On Sunday, four people were killed in a mass shooting in Kingfisher County, Oklahoma. Did you hear about that one? Maybe not.
Maybe you heard about the mass shooting on Saturday in Yazoo County, Mississippi, that left one dead and six injured over a dice game. Or the shooting that left four dead on Friday in Chester, Virginia. Or maybe you didn’t.
Perhaps you’ve heard about each of the 609 mass shootings around the country this year recorded as of Thursday by the Gun Violence Archive. Maybe you are aware of the circumstances surrounding each of the 39,708 deaths caused by gun violence this year. But it seems unlikely. We hear about only the biggest, the most tragic, the most egregious episodes of death.
Shooting after shooting. Deaths upon deaths. Injuries without end. Why is not every single member of Congress outraged? Why are judges not doing whatever they can to make us safer? Why is not every local official standing up for the lives of constituents?
How as a nation did we get to the point where only the most severe mass shootings get widespread attention? Perhaps it is because mass shootings are becoming so commonplace.
On Tuesday night, at least six people were were killed at a Walmart Supercenter in Chesapeake, Virginia, and four were sent to the hospital.
On Saturday, a gunman killed five people and injured 18 others at a Colorado Springs, Colorado, LGBTQ nightclub.
On Nov. 13, a shooter killed three University of Virginia football players and injured two others. The shooting was so tragic, there wasn’t much room to report that on the same day, a suspect fatally shot one person and injured seven others in Omaha. Or that four people were injured in a Philadelphia shooting.
Perhaps Americans have become numb. There hardly has been time to recover from the horrific mass shootings in Highland Park on July 4 and in Uvalde, Texas, and Buffalo, New York, in the spring.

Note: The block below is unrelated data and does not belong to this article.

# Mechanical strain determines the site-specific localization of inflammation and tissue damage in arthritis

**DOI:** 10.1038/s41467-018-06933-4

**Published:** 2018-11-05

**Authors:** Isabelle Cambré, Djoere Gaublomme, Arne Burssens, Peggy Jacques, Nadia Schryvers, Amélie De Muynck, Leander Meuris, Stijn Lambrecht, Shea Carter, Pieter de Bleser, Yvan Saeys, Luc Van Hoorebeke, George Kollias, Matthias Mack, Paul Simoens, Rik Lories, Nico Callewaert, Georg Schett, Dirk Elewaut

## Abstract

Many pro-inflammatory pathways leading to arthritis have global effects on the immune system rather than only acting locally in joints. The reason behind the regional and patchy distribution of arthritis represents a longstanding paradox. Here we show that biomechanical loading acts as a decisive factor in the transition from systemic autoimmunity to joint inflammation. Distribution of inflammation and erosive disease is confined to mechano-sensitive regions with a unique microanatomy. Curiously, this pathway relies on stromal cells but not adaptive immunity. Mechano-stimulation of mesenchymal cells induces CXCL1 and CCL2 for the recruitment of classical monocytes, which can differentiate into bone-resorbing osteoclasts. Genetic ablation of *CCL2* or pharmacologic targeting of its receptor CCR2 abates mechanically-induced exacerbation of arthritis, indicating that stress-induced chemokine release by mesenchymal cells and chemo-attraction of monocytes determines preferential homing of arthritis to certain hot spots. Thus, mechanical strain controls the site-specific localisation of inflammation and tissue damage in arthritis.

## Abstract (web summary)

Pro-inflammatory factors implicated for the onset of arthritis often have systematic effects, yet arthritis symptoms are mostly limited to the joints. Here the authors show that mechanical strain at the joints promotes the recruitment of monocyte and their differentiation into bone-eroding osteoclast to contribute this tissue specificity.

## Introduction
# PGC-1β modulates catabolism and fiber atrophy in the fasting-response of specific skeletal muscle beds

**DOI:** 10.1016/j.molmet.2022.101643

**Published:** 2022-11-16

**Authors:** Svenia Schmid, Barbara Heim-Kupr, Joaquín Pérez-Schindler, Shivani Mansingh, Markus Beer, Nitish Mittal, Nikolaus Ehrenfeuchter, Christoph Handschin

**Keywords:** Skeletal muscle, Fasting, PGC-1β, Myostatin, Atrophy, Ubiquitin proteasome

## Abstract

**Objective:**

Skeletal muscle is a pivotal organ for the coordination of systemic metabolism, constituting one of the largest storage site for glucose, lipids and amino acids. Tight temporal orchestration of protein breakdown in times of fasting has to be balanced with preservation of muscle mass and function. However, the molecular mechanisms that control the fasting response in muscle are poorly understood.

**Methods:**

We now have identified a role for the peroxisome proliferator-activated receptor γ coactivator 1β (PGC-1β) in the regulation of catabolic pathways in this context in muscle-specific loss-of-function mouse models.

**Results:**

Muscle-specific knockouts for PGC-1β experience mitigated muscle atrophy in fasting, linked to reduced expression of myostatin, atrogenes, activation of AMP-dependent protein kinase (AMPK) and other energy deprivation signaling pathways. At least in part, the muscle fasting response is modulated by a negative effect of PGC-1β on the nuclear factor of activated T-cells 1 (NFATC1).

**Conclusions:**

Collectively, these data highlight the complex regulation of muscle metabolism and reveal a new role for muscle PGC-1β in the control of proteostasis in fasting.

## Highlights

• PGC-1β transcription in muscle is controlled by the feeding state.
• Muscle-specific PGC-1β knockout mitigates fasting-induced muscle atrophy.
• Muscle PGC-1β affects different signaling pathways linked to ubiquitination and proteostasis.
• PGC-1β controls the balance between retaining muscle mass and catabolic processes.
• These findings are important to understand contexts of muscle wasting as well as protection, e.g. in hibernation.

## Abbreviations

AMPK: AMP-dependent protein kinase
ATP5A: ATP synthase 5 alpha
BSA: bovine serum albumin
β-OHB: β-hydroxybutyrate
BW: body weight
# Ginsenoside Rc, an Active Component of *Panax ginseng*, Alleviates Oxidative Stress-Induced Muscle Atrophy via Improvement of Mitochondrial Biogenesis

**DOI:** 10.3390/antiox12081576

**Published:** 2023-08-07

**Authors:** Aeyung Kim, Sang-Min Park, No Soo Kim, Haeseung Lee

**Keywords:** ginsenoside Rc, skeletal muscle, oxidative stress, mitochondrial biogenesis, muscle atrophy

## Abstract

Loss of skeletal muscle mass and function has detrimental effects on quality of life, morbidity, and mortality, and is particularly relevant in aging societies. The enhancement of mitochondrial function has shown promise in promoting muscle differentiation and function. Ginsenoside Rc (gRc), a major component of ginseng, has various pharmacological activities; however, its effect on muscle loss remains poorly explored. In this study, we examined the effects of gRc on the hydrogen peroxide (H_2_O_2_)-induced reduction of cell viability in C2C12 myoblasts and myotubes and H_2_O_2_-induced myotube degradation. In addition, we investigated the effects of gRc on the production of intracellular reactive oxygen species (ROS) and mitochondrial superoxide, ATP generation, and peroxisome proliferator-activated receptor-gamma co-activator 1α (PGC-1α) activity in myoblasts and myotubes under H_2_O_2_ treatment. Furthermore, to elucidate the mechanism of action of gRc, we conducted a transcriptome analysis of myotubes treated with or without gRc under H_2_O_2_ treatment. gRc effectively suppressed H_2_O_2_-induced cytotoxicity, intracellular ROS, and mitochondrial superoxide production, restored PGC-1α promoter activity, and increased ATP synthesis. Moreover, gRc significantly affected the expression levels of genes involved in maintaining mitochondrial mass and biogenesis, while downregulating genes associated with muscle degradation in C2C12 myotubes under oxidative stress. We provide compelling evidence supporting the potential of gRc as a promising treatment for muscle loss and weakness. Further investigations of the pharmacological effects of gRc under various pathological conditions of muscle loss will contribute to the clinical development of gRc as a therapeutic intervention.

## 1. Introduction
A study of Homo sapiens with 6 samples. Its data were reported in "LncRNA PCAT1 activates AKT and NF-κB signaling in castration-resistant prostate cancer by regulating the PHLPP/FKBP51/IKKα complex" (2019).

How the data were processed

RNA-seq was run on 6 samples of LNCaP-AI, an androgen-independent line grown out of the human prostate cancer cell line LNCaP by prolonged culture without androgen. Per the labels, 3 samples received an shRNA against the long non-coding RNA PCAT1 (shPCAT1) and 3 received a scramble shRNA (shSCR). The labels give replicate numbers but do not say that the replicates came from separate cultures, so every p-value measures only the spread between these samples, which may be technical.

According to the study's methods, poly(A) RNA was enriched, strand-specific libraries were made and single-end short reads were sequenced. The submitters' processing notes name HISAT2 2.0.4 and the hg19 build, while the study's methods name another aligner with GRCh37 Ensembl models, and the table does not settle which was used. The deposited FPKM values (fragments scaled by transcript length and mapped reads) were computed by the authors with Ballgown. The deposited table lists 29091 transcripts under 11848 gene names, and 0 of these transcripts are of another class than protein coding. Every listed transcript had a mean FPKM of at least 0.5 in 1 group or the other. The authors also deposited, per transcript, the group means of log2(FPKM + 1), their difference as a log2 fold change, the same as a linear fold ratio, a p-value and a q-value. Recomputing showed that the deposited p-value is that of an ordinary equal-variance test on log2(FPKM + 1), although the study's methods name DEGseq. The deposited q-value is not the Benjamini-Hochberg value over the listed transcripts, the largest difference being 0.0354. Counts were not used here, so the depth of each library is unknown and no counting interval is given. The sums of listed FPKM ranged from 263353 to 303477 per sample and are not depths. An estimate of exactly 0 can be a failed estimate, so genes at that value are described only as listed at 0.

Meanwhile, just last weekend in Chicago, gunfire killed three and wounded 17.
Are our officials leaping into action? Let’s take a look.
In Colorado Springs, officials did not use the state’s “red flag” law to remove the shooting suspect’s weapons, even though he was arrested last year after reportedly threatening violence with a bomb, “multiple weapons” and ammunition. Could that inaction have been influenced by a county commission’s declaration that the county is a Second Amendment sanctuary?
In Virginia, the site of three of the most recent mass shootings, Gov. Glenn Youngkin has said he would not sign any legislation setting limits on the Second Amendment and would consider rolling back existing gun laws.
In Texas, a judge ruled earlier this month that people under an order of protection have a right to guns.
In New York, a federal judge last month blocked much of the state’s new gun safety law.
In Oregon, a county sheriff and a gun-rights group filed a federal lawsuit to block a ballot measure approved by voters designed to limit gun violence.
Earlier this year, only two U.S. House Republicans voted for an assaults weapons ban.
As for U.S. Supreme Court, it has been happy to throw out years of settled law, making it easier for criminals and would-be mass shooters to get their hands on powerful weapons.
Perhaps none of those officials have noticed America suffered from 17 mass shootings across America in the two weeks from Nov. 11 to Nov. 23. That’s more than one a day.
Or perhaps the reports of the carnage are buried under the large political campaign donations flooding in from gun manufacturers, who want to sell as many guns as possible.
Yes, Congress in June passed legislation to, among other measures, enhance background checks for gun buyers under the age of 21, provide money for states to implement red flag laws and strengthen laws against straw purchasing and trafficking of guns. But it’s not enough.
Most Americans want stricter gun laws. The only way to get them is to demand every official at every level work to make the nation safer.